The question of whether to shoot in RAW or JPG is one that new photographers struggle with in droves, and the explanations and answers they get are usually long and complicated. I’m here to put it in terms a beginner can understand, quickly in 600 words or less. Ready? Go.
The most important difference between RAW and JPG is that JPG files are compressed, assembled photo files while RAW files are merely a collection of unassembled data. The major advantage to this is that each of those pieces of data can be changed in post production. Before we get into that, let’s look at some of the major disadvantages of RAW files, which you will soon learn to ignore:
- Since RAW files are uncompressed, file sizes are MUCH larger than JPG
- Special software with support for your camera’s raw files is required to not only work on, but to even view your photos pre-export. You cannot simply open them in Windows Explorer
With these disadvantages in mind, why do so many photographers choose to shoot RAW? As mentioned earlier, the answer lies in the data that RAW gives you. Simply put, your post-editing experience is going to be much, much better and much, much more fruitful when using RAW files. And here’s why:
The most basic example that is used when describing RAW vs. JPG is to think of a cake and its ingredients. With a JPG file you have a completed assembled and baked cake in front of you. With a RAW file you have each of the ingredients in front of you before the cake was put together. If you had used four eggs and you want to use three instead, with the completely baked cake (JPG) there is little you can do to fix it. You can’t take the cake apart, take one egg out, and put it back together. However, with the ingredients in front of you (RAW) you can simply remove an egg before putting it together.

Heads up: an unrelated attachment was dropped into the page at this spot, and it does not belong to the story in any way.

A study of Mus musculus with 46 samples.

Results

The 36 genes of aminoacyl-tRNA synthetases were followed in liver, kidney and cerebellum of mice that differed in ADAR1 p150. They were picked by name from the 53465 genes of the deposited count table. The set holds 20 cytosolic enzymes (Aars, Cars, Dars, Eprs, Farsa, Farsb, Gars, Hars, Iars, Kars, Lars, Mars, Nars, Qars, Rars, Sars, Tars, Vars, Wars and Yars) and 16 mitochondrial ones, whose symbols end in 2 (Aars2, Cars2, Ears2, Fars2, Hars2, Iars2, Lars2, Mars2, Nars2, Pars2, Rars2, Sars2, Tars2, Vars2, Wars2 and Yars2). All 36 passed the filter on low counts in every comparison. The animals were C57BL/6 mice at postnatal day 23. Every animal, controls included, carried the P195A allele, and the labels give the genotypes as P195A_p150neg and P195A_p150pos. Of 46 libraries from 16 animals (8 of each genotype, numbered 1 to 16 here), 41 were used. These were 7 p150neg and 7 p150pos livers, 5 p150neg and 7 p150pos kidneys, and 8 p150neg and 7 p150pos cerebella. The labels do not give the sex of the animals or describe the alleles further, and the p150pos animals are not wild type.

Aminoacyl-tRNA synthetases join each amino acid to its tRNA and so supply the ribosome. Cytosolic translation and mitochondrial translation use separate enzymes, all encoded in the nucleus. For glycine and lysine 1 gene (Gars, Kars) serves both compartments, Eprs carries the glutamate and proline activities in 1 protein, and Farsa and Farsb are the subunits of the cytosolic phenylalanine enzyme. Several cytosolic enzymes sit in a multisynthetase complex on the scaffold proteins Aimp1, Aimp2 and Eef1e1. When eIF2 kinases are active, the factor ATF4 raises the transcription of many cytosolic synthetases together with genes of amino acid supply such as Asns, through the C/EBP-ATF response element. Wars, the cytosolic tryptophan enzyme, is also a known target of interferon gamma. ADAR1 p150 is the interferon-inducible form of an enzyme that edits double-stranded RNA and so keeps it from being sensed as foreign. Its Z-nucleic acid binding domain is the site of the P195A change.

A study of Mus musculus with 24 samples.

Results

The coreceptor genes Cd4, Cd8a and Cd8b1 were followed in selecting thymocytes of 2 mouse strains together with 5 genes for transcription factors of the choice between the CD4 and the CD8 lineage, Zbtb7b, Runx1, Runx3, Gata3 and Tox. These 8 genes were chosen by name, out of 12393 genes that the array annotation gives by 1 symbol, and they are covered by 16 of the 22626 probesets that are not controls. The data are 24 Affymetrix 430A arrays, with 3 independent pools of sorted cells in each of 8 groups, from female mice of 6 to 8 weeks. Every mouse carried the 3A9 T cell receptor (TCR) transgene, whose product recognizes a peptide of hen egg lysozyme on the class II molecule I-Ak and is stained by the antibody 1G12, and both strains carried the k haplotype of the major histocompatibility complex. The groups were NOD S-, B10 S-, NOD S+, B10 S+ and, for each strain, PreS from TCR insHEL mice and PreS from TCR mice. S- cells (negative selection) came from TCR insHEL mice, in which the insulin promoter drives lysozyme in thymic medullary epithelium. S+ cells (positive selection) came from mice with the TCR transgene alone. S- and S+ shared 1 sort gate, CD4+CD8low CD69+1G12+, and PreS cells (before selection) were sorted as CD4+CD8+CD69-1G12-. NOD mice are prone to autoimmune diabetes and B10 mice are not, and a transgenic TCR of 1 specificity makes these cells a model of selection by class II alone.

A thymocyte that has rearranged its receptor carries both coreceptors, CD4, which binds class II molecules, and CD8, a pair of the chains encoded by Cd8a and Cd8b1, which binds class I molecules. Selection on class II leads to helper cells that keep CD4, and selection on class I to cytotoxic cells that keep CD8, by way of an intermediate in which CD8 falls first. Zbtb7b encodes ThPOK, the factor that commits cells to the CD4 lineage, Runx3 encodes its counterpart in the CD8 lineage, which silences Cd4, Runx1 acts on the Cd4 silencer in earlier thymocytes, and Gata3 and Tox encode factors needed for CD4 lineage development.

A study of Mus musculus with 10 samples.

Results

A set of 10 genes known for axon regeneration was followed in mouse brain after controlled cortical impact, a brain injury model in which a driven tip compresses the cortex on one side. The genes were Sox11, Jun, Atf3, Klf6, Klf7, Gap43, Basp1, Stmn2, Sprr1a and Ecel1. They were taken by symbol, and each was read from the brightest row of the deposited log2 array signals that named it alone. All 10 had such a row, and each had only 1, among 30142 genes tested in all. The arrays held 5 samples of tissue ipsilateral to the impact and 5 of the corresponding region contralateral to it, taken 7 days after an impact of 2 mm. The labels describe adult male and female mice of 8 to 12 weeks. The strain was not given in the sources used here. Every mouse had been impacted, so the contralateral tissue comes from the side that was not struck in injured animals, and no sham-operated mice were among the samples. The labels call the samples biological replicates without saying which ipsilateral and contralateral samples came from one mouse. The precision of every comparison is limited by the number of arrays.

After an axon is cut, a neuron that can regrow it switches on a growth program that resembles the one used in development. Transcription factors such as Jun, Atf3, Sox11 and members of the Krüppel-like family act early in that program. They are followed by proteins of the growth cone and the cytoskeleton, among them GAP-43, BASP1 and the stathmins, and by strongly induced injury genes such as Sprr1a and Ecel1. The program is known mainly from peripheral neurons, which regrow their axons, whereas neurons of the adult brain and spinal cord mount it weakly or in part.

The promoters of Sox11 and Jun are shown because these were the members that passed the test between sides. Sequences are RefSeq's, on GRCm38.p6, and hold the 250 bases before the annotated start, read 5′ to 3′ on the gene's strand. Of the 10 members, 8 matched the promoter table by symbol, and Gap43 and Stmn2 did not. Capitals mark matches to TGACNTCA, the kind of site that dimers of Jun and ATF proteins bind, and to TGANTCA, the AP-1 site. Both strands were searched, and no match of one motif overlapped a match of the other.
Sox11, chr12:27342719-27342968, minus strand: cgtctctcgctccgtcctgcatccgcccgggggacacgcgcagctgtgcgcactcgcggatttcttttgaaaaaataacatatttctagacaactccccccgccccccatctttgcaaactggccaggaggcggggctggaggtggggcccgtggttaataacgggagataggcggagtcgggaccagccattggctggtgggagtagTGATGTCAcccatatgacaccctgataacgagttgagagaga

It is fair to point out than you CAN make changes in post with a JPG file, it’s just that in that case the editing software you’re using has to kind of guess on those changes and as such they will be far less accurate. The software can guess what a cake with three eggs would be like and give it to you, whereas with a RAW file the software can actually take that egg out. In photography terms, that means you can accurately change the white balance, exposure, saturation, etc all after you’ve taken the photo with a RAW file. With a JPG file your camera has already set all those values and compressed everything together into a JPG file. The raw data is lost.
So what about those RAW disadvantages I mentioned earlier? Well, the file sizes are just something that you’re going to have to deal with. That means getting more storage, more backup space, etc. I will be putting together a blog post on how to better deal with this later.
As for the problem of needing software to read the RAW files, that software/codec is usually available for free from your camera manufacturer. On top of that, any decent photo editing software (Lightroom, etc) will already include support for those files. That means you can view and edit them in Lightroom and then export them as a JPG file. If you want to remove an egg, you just do so with the RAW file in Lightroom and re-export the JPG.